Minnesota's congressional delegation merits praise for its full-court press last week to improve the nation's dilapidated and underachieving Bureau of Indian Education (BIE) school system. Answers, however, are still frustratingly elusive about when schools like Minnesota's Bug-O-Nay-Ge-Shig High School, now housed in a metal pole barn, will be rebuilt.

In this age of highly charged partisanship, the bipartisan charge to tackle this educational crisis is especially admirable — and needed. About 50,000 children in Minnesota and 22 other states attend class in the BIE system, one of two federal K-12 school systems. But graduation rates lag well behind other students, and the school facilities are often in shockingly poor condition, as a 2014 Star Tribune editorial series detailed.

Minnesota's Bug-O-Nay-Ge-Shig, located on the Leech Lake Indian reservation, is one of 64 BIE schools rated in poor condition. Recent leadership turnover at the school underscores the need for a safe, modern facility to attract and retain top teachers and leaders.

Minnesota Republican Rep. John Kline and Democratic Sen. Al Franken understand the severity of the problem, and last week they questioned BIE Executive Director Charles "Monte" Roessel about his agency's long history of questionable management and leadership churn. The U.S. Senate Committee on Indian Affairs, on which Franken sits, called Roessel to testify on Wednesday. Leech Lake Chair Carri Jones also testified at the hearing, eloquently relaying the real-world impact that bureaucratic delays have on students in her community.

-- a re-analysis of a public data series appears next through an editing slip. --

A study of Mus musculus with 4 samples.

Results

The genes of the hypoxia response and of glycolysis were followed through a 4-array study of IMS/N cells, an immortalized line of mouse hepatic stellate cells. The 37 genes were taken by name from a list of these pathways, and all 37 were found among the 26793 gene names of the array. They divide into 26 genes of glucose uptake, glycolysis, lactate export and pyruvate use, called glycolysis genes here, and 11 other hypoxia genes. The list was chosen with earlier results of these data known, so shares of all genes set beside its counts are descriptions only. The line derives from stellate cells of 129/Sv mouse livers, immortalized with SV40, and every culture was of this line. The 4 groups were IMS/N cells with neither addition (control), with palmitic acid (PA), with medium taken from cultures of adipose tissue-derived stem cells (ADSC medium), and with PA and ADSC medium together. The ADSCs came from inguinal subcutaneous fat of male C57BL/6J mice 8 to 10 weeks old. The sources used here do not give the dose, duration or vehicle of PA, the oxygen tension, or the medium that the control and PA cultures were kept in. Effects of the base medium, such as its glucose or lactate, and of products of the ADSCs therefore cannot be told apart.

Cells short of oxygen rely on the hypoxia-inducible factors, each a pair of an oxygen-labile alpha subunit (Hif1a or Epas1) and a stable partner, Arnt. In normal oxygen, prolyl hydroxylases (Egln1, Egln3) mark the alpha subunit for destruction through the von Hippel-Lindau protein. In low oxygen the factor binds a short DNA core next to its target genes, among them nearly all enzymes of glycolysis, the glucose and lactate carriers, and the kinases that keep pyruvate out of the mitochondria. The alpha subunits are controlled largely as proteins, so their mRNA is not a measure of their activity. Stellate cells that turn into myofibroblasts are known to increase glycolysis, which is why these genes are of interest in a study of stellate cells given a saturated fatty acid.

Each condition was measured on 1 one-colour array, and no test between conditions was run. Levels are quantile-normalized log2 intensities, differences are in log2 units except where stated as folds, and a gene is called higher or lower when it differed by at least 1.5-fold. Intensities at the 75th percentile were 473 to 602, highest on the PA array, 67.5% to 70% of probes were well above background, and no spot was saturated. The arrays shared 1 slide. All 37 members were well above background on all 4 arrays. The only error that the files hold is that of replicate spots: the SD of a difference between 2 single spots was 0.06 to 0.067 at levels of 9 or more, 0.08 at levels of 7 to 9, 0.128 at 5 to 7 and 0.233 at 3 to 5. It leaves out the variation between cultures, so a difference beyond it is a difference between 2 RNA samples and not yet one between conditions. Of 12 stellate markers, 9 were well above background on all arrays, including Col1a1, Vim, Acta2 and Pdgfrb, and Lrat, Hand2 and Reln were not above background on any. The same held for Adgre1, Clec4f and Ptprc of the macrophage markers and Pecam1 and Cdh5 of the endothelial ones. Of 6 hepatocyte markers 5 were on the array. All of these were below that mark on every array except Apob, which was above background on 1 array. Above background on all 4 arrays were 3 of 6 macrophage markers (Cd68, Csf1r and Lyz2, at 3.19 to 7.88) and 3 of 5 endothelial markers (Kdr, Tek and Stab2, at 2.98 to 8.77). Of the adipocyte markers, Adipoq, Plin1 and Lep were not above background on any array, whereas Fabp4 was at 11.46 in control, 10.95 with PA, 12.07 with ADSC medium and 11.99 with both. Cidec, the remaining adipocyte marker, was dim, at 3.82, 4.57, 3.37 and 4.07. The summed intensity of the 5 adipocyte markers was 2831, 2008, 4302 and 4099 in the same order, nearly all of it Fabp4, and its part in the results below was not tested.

Kline, the influential chairman of the U.S. House Education and the Workforce Committee, held a full committee hearing on BIE schools on Thursday. This is his committee's second hearing on the issue, which strongly underscores Kline's commitment to BIE school improvements. A subcommittee delved into BIE challenges last month.

Franken and Kline asked the right questions in their hearings, and Roessel outlined his agency's "blueprint" for reform. There are some good ideas in it. Both Minnesota lawmakers acknowledged that — and, even more importantly, emphasized the need for more resources to carry out long-overdue reforms at the underfunded agency.

At the same time, they repeatedly made it clear that rebuilding Bug-O-Nay-Ge-Shig and other BIE schools can't take a back seat to the agency's reorganization. When new buildings will be built is still unclear, but these two Minnesota lawmakers sent a strong message that students' needs must come first.